Issue 487 – Federal Branches

Praying for Our Leaders in Government

Executive Branch: Pray for the President and his Administration

When speaking on the administration’s plan to remove U.S. combat troops from Afghanistan, Secretary of State Antony Blinken stated that the U.S. had fulfilled its mission to end al Qaeda’s ability to strike at the U.S. and that there had been a “deliberate and informed process” leading to the complete troop withdrawal.

White House Press Secretary Jen Psaki said raising the federal gasoline tax is not being considered as part of the infrastructure package, rather an increase in corporate tax rates will pay for the package. She said the president “does not believe that paying for this historic investment in rebuilding our nation’s infrastructure and creating millions of jobs should be on the backs of Americans.”

Pray for the president’s administration as policy decisions are made on foreign and domestic matters.

Legislative Branch: Pray for Senators and Representatives in Congress

Senators Mitt Romney of Utah and Kyrsten Sinema of Arizona are working on bipartisan legislation to increase the minimum wage. “We are negotiating a minimum wage proposal which we would ultimately take to our group of 20 and see how they would react to it and go from there,” they told reporters. No immediate details of the plan were released.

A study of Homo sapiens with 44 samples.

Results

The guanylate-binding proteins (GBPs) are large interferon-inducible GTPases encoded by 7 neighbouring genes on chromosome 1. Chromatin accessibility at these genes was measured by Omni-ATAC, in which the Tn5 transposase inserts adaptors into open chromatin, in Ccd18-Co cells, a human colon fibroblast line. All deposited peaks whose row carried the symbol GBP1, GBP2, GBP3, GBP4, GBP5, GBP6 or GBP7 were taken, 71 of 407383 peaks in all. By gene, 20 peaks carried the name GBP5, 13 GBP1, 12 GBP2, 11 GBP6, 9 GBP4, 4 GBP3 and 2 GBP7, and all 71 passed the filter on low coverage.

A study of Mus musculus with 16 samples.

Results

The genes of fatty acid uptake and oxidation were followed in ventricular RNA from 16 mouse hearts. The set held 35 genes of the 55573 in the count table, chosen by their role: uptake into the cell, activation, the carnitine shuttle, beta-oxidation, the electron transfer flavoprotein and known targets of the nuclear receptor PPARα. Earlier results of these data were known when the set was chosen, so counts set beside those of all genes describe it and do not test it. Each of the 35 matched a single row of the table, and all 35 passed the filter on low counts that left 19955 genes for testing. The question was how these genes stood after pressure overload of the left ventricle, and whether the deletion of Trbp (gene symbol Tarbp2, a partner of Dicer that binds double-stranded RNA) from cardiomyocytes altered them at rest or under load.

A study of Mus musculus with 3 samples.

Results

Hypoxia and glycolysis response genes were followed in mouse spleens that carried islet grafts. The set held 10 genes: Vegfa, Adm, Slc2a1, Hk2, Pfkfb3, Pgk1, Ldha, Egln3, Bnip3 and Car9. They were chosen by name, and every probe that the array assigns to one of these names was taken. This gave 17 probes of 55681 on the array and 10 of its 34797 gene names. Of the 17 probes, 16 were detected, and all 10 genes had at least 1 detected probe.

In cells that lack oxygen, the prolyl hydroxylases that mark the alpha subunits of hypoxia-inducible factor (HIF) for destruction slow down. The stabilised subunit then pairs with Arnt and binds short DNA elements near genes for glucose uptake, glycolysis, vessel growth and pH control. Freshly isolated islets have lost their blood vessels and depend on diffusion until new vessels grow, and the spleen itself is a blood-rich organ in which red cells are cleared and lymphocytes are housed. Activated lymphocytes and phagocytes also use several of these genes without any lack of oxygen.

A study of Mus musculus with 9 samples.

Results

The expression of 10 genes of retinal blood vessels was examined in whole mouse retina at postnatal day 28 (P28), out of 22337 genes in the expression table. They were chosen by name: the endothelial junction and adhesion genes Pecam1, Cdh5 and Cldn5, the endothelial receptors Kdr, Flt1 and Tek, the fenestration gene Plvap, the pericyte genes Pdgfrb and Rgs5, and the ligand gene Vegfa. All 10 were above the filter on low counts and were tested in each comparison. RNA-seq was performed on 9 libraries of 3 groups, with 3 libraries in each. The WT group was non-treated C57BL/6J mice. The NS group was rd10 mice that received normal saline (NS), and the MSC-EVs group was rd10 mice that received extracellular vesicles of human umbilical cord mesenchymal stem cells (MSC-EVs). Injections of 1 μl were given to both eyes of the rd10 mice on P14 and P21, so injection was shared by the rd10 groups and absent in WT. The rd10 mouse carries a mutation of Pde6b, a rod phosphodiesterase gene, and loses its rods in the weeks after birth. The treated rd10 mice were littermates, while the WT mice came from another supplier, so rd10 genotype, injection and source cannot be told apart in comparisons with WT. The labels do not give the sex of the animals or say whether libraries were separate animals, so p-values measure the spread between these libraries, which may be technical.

Bipartisan legislation was introduced in the Senate that would make it easier for companies to install broadband along existing infrastructure, such as federal highways, to help increase Internet access in rural America. The Accelerating Rural Broadband Deployment Act would ensure the cost of installing broadband internet is not too high and it would increase transparency in the broadband infrastructure license awarding process.

Pray for members of Congress to work together with more bipartisan cooperation for the benefit of the American people.

Judicial Branch: Pray for Supreme Court Justices and Federal Judges

U.S. District Judge Barbara M.G. Lynn in Dallas expressed astonishment at the way some attorneys have dressed for remote court hearings and how they have not treated the proceedings with the same respect they do in-person hearings. “I had to issue a standing order for our court telling lawyers that baseball caps, whether turned the right way or the wrong way, and T-shirts were not the appropriate attire for a court proceeding conducted remotely,” she said. “It was shocking to me that people felt at liberty to show up like a slob, to put it bluntly.” She also critiqued the messy backdrops or difficult lighting attorneys had chosen for their virtual appearances.

The Seventh Circuit U.S. Court of Appeals ruled that Wisconsin Governor Evers can exclude members of a conservative think-tank from attending press briefings and keep them off his email list sent to other reporters, upholding a ruling from a lower court. It said the governor’s actions did not violate the policy institute’s constitutional rights to free speech, freedom of the press, and equal access.

Pray for federal judges and attorneys as they navigate remote hearings during the waning pandemic.